Wednesday, April 17, 2013

The Barrel Brigade

 
Niagara Falls is known as a premiere Honeymoon destination, this geological wonder is not only one of the most popular tourist attractions in the state of New York, but is also has intrigued many and has prompted thrill seekers to "conquer" the falls in various contraptions from wooden barrels to rubber balls. 
From 1901 to 1995, a span of 94 years, 15 people have intentionally challenged Niagara Falls. Five have lost their dare with the devil and did not survive the plunge over the Falls. 
The river below Niagara Falls averages 170 feet deep, and those who go over the falls usually hit the bottom of the river before popping back to the surface.
 The Barrel Brigade is a group of daredevils firmly entrenched in North American folklore. They are the men and women who have made headlines by an act most people would find inconceivable; choosing to take a ride over the Canadian Horseshoe Falls - sometimes with only inches of wood or metal as protection from the pounding rush of thousands of gallons of water. Interestingly, these adventurers, crazy as they may seem, have never chosen to brave the American Falls - where less flowing water and more jutting rocks make the descent even more dangerous. Read some of their stories below;
Annie Edson Taylor
Not only the first woman, but the first person to go over Niagara Falls in a barrel, Taylor was a poor widow when she arrived in Niagara Falls in 1901. the sixty-three year old (although she said she was forty-two) saw the stunt as a way to make money. After hiring a manager, she braved the falls on October 24, 1901, in a barrel she designed herself. She survived, but "the heroine of Horseshoe Falls" didn't end up with the financial windfall she expected. She worked as a Niagara street vendor for twenty years and died penniless.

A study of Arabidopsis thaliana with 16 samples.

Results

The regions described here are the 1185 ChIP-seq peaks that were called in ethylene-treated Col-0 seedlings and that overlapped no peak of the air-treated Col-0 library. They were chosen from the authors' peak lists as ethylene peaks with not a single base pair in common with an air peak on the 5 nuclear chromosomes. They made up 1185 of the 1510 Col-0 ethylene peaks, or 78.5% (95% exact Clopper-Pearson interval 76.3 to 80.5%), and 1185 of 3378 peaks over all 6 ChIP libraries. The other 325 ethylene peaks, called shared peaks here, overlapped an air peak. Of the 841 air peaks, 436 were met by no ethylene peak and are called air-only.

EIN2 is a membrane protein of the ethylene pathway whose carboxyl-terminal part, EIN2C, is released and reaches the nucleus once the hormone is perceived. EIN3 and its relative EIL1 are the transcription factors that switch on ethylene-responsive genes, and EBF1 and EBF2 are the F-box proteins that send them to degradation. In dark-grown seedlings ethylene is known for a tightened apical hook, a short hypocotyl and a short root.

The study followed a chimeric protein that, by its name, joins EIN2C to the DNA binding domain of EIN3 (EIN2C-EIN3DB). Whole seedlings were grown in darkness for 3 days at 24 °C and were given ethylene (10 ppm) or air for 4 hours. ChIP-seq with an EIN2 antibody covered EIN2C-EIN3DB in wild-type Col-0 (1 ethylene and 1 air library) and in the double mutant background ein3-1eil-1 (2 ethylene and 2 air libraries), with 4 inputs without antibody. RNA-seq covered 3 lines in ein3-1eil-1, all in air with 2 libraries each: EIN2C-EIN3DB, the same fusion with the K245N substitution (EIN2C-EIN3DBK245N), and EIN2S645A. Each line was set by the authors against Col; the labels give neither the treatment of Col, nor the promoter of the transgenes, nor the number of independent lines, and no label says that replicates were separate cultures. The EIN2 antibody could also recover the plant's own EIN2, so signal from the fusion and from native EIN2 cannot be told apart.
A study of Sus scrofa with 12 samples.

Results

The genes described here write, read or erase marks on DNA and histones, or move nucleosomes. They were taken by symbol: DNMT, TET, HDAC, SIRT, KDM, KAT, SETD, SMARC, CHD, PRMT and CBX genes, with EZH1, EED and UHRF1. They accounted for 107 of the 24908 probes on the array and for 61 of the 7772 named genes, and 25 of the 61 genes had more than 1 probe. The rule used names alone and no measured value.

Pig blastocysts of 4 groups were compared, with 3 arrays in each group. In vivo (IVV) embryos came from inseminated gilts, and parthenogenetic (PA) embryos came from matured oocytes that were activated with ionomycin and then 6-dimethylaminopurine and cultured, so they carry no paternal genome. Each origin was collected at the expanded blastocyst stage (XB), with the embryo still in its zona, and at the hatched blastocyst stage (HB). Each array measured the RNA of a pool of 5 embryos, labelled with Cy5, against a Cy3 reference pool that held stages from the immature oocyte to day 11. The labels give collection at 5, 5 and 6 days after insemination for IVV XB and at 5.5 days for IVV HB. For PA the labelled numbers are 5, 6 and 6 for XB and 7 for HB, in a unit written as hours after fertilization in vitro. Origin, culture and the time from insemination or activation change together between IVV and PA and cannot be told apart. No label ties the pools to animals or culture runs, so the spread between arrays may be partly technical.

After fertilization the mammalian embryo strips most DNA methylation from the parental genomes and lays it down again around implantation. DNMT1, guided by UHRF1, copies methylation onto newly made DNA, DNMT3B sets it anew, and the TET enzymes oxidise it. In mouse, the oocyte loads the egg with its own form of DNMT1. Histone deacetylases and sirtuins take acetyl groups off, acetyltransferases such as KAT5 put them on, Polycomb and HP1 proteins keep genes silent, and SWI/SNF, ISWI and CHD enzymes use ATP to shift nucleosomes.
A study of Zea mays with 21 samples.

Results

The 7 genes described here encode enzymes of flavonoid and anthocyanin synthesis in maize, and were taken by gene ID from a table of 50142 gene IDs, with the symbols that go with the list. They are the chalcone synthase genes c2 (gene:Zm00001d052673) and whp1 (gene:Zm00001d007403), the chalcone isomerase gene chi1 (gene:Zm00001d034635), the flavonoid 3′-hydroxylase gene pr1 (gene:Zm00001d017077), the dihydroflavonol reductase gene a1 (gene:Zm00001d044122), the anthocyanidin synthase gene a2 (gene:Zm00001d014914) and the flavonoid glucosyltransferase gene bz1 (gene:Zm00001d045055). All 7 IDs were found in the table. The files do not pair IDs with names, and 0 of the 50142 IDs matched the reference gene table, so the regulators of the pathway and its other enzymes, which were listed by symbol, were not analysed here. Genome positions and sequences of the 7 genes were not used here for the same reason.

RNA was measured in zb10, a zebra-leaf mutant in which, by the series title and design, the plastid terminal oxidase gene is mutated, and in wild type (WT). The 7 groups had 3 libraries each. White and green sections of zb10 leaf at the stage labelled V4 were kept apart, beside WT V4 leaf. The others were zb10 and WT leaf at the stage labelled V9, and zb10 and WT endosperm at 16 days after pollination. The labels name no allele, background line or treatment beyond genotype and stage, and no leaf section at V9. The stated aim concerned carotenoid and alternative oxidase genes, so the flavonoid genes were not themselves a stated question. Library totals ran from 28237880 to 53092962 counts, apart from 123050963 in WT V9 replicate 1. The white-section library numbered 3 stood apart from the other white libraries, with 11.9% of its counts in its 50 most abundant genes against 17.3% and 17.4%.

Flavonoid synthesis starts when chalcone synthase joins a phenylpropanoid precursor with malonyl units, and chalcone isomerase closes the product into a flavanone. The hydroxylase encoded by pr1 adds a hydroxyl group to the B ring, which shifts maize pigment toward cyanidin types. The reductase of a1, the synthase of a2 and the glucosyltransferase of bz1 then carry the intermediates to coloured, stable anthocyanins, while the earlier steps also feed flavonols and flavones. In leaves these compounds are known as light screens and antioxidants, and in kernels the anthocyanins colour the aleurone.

Jean Lussier
The third person to go over the falls, Lussier took the plunge on July 4th, 1928, not in a barrel, but inside a six-foot rubber ball that was lined with oxygen-filled rubber tubes. He survived and afterwards made extra money by selling pieces of the ball's rubber tubes. 
George Stathakis
This adventurer made the plunge in a ten-foot, one ton wooden barrel on July 4, 1930. Sadly, however, Stathakis's barrel was caught behind the falls for fourteen hours. Having only enough air to survive for three hours, Stathakis died before he was rescued, but his 105-year-old pet turtle, Sonny Boy, did survive the trip. 



 
Red Hill Jr
The oldest son of a prominent Niagara Falls area family, Red Jr., went over the falls on August 5, 1951. His father, Red Hill, Sr., had earned a permanent place in history of the falls as its consummate "riverman." Hill Sr. thrice braved the intimidating Whirlpool Rapid below the falls in his own barrel. Red Jr. decided to take the family tradition one step further by braving the Horseshoe Falls on what he called "the thing," a flimsily together with rope and enclosed in fish net. Soon after his plunge, the raft's inner tubes began popping to the surface of the river, but there was no sign of Hill. His bruised body was not recovered until the next day. 
Jessie Sharp
Sharp, who hoped to advance his career as a stuntman by going over the falls, chose to attempt the feat on June 5, 1990, in a water kayak with a helmet or a life vest. His body was never recovered. Five years later, Robert Overacker attempted to go over the falls on a jet ski. The fifteenth person since 1901 to purposely try to make it over the fall, Overacker died. His body was recovered by the Maid of the Mist,       
the ferry boat that takes visitors to
 the foot of the falls for a closer look. 

To see all the attempts over the falls check out this video covering each plunge: 



1 Comments:

At April 17, 2013 at 11:55 PM , Anonymous Oakwood Cemetery said...

Greetings,
After enjoying the great food and service at the Red Coach Inn, all are invited to the Stunters Section or Stranger's Rest at Oakwood Cemetery. There you will find permanent residents like Annie Edson Taylor (from above), Carlisle Graham (who is pictured above next to George Stathakis' name), and Capt Matthew Webb, first man to swim the English Channel and others. Niagara's History is at Oakwood!